Peter Okonski

Gifts in kind offer a ‘fair’ challenge

  • November 2, 2019

A gift in kind to your favourite charity is always good for a tax receipt, but arriving at the gift’s fair market value can be difficult.

Peter Okonski is familiar with the difficulties that arise when someone expects a significant receipt to offset their taxes. He recalls when someone donated what they thought were original drawings by the Spanish Surrealist painter Salvador Dali.

“It turned out not to be,” said Okonski, manager of Planned Giving and Personal Gifts with the Archdiocese of Toronto’s Office of Stewardship and Development.

Likewise, he’s seen cases where someone has picked up a painting they liked at a garage sale, not thinking that the piece was anything of value, just something that caught their eye and gave them pleasure, only to find out it was worth thousands of dollars more than the $5 they parted with that spring weekend so long ago.

“There are both kinds of stories,” said Okonski.

“The worst thing is when the donor thinks he or she is donating something that is extremely valuable then it turns out not to be so.”

It’s best to temper your expectations, said Okonski.

“If you don’t know how much it’s worth, it’s better to expect less and not to expect it’s a da Vinci.”

A sure way to do this is knowing or having a rough idea at the least of what your gift is worth. That could mean getting your gift — be it a piece of art, a car, jewelery, coins or any number of potentially valuable items — appraised yourself before making your donation. That way, said Okonski, there are no surprises.

For the development office, it’s the nature of the beast though that its staff will often have to take on the appraisal process themselves, although the cost is typically covered by the donor. Like most charities, the office has appraisers who will determine the true value of the gift.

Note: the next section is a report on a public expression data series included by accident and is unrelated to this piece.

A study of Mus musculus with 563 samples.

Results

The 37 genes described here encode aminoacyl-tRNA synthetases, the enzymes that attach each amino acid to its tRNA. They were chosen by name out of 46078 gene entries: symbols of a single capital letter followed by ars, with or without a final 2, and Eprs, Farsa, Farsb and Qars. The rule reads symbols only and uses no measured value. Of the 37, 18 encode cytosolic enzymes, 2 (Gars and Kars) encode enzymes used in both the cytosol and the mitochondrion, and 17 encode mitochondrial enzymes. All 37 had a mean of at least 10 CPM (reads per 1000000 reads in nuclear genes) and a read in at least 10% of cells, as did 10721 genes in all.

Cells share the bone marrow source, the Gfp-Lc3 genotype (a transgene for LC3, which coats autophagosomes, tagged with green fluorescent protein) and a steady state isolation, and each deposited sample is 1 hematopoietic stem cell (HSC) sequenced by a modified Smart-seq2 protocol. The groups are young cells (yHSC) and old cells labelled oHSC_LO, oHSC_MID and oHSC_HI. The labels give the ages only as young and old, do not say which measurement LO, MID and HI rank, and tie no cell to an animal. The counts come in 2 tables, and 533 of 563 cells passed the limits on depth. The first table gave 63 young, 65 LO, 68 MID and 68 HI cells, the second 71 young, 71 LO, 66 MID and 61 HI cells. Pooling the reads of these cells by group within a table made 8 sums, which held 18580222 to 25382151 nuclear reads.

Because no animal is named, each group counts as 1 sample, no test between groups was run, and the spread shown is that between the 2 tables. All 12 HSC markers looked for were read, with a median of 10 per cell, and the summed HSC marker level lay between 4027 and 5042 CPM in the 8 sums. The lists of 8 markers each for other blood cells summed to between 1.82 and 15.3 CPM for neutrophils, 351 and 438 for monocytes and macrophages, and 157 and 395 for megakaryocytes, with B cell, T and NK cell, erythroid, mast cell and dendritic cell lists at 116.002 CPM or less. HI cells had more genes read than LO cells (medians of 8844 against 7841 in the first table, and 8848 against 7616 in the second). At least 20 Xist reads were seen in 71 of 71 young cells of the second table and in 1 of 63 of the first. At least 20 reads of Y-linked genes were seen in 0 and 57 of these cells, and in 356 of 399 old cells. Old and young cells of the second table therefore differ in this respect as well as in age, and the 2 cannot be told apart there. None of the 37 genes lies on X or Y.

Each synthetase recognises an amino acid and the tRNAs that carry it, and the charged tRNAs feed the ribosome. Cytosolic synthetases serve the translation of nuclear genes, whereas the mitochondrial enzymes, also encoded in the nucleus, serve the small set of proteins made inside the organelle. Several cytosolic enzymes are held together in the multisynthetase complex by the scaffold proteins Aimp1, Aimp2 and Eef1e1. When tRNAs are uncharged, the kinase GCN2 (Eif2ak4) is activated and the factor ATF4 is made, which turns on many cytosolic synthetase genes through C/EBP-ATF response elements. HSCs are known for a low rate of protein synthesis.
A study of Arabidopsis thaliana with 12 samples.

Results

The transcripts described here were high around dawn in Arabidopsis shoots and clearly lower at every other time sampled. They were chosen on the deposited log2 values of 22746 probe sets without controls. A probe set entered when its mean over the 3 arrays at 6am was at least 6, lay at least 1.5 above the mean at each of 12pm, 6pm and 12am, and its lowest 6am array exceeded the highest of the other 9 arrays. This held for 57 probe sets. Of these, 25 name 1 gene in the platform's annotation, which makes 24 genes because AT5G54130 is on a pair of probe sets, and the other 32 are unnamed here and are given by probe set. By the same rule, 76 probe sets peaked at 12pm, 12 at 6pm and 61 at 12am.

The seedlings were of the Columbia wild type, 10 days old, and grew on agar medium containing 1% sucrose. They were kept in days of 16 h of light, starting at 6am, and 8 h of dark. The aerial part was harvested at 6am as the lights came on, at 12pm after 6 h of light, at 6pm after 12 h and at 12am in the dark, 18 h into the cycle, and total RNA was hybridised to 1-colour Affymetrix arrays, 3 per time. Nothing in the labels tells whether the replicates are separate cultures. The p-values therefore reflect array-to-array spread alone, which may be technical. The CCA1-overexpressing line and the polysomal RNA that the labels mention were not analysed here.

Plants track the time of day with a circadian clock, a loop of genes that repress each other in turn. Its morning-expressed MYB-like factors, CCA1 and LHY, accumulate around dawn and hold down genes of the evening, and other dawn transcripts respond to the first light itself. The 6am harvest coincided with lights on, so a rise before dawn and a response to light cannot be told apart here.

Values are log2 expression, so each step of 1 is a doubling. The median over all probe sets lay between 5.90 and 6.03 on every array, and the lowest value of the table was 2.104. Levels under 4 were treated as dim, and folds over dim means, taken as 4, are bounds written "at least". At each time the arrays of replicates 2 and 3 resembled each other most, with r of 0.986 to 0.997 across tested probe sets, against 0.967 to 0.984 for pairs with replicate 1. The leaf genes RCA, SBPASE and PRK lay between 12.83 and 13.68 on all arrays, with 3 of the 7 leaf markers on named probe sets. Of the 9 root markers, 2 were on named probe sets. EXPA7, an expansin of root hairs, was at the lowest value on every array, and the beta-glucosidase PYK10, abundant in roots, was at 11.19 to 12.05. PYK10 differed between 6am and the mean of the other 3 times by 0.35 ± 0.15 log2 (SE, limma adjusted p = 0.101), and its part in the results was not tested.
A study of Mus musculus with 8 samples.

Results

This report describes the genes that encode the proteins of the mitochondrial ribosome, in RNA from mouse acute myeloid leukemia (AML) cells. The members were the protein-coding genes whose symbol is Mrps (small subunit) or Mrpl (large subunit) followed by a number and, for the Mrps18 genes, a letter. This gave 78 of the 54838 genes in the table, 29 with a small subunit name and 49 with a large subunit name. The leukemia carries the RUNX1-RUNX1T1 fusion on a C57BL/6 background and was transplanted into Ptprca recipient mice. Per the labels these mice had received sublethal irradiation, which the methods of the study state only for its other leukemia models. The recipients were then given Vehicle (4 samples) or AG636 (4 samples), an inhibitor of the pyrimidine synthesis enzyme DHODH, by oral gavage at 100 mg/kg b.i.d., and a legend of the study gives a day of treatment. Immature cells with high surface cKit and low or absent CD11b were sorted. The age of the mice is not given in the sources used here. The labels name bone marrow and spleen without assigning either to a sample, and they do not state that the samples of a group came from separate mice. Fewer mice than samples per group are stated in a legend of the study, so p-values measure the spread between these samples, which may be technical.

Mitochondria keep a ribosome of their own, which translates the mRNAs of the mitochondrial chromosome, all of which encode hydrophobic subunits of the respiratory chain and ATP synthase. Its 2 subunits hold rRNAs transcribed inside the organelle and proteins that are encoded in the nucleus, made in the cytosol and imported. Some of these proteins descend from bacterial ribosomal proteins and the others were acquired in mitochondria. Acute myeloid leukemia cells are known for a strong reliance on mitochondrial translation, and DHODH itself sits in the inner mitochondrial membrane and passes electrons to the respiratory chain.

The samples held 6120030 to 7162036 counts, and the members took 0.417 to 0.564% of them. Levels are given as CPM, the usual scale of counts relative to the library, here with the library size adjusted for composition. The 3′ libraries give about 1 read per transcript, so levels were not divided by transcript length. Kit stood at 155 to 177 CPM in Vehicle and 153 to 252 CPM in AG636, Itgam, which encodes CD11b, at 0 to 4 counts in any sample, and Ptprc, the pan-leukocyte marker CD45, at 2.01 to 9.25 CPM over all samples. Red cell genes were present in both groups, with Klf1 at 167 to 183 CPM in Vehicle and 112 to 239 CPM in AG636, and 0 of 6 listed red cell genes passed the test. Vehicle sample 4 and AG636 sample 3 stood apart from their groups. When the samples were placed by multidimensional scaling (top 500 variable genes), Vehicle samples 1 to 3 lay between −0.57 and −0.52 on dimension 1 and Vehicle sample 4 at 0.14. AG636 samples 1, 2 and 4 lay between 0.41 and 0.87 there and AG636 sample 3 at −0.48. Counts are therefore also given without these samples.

But there are instances where this can be difficult. A recent case that did not involve Okonski inovlved a work of stained glass donated to St. Mary’s Parish in Barrie, Ont. It was a homemade piece, and the donor was the creator who does stain glass as a hobby and not for commercial gain. It raised the issue of just what is fair market value of the piece. 

Canada Revenue Agency rules around such gifts are vague and led to a long process, making its way through the the planning and property, archives and accounting offices of the archdiocese before arriving at a fair value. Questions arose as to how this should be assessed. It may not have a clear fair market value, but there was a cost to making it in labour and materials. And advice from a lawyer said it would be an insult to the hobbyist/donor who selflessly gave his work to the church to have it assessed at a fraction of the cost had he sold it himself.

In the end, it was decided that a market value would be assigned to the tax receipt that was lower than a professional artist might have received but not so low as to be an insulting treatment of the gift.

Such examples show why it is often a good idea to speak with someone from the development office before making a donation, said Okonski. Staff can help people make the right decisions when sharing a gift in kind with the archdiocese, and ultimately can save a donor money. 

Okonski notes the gift of securities as a donation where development office advice can help the donor. Some will redeem the security and donate the proceeds, but Okonski said that could cost them money at tax time. He gives the example of a stock purchased at $1,000 that over the years has grown to be worth $10,000. By cashing it in and donating the proceeds, the donor will be hit with capital gains tax on the stock’s increase in value. But by donating the stock itself, capital gains tax is waived so they will get the full value as a tax receipt.

“The worst thing a person can do is to sell the stock and donate the profits.”

To learn more, contact the development office at (416) 934-3412.